Washington, D.C. –Today, the U.S. Supreme Court voted to uphold an Arizona state tuition tax credit program that allows Arizona taxpayers to receive tax breaks through contributing to “school tuition organizations” that overwhelmingly fund religiously affiliated private schools. In September 2010, Interfaith Alliance joined a friend-of-the-court brief, authored by Americans United for Separation of Church and State, in opposition to the Arizona program. Other signatories were the American Jewish Committee, the Anti-Defamation League and the Baptist Joint Committee for Religious Liberty.
Interfaith Alliance President Rev. Dr. C. Welton Gaddy issued the following statement in response to the decision in the combined cases, Arizona Christian School Tuition Organization v. Winn. and Garriott v. Winn:
I am as baffled as I am disappointed in the decision reached by the Supreme Court today. Not only has the Court left in place a tax credit arrangement that provides financial aid disproportionately to religious schools but, more disturbingly, in ruling that those challenging the program lacked “standing” to do so, today’s decision makes it even more difficult for Americans to exercise their right to challenge their government’s actions. Conversely, as noted in the dissenting opinion of the Court, this decision in essence provides a new model for those who seek to funnel taxpayer dollars to religious schools. Whether it is provided directly or indirectly, financial aid from the government to religious institutions is still just that, government funding of religion; and it is cause for concern both for the sanctity of religious institutions and for government institutions.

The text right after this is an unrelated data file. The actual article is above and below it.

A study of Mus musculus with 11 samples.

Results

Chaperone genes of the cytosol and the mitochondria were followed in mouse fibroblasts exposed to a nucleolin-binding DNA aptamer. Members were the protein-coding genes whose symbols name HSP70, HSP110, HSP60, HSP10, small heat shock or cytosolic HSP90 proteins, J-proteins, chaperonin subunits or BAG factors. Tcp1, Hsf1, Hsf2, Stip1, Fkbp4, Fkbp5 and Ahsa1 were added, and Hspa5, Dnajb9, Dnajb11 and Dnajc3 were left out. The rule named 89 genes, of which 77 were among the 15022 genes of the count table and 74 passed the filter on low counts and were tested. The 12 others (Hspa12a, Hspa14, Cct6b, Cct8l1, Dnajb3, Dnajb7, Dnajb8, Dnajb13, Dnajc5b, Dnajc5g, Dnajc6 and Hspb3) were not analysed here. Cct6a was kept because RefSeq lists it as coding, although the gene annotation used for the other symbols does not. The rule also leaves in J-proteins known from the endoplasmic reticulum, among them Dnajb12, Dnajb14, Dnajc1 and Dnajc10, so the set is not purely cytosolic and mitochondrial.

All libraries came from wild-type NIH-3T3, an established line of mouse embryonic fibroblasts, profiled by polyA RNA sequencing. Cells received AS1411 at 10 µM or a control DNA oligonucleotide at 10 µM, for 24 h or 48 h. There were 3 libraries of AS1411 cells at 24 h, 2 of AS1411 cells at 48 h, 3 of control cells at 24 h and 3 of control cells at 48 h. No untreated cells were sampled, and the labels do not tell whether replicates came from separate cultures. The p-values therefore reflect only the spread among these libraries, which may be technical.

It is a sad day when the highest Court in the nation makes a ruling that broadsides the Establishment Clause by approving a government funding scheme that benefits religion and weakens a fundamental promise in the Constitution—our first freedom, religious freedom. One wonders what this court is trying to do to our society!
Interfaith Alliance celebrates religious freedom by championing individual rights, promoting policies that protect both religion and democracy, and uniting diverse voices to challenge extremism. Founded in 1994, Interfaith Alliance brings together members from 75 faith traditions as well as those without a faith tradition to protect faith and freedom. For more information visit interfaithalliance.org.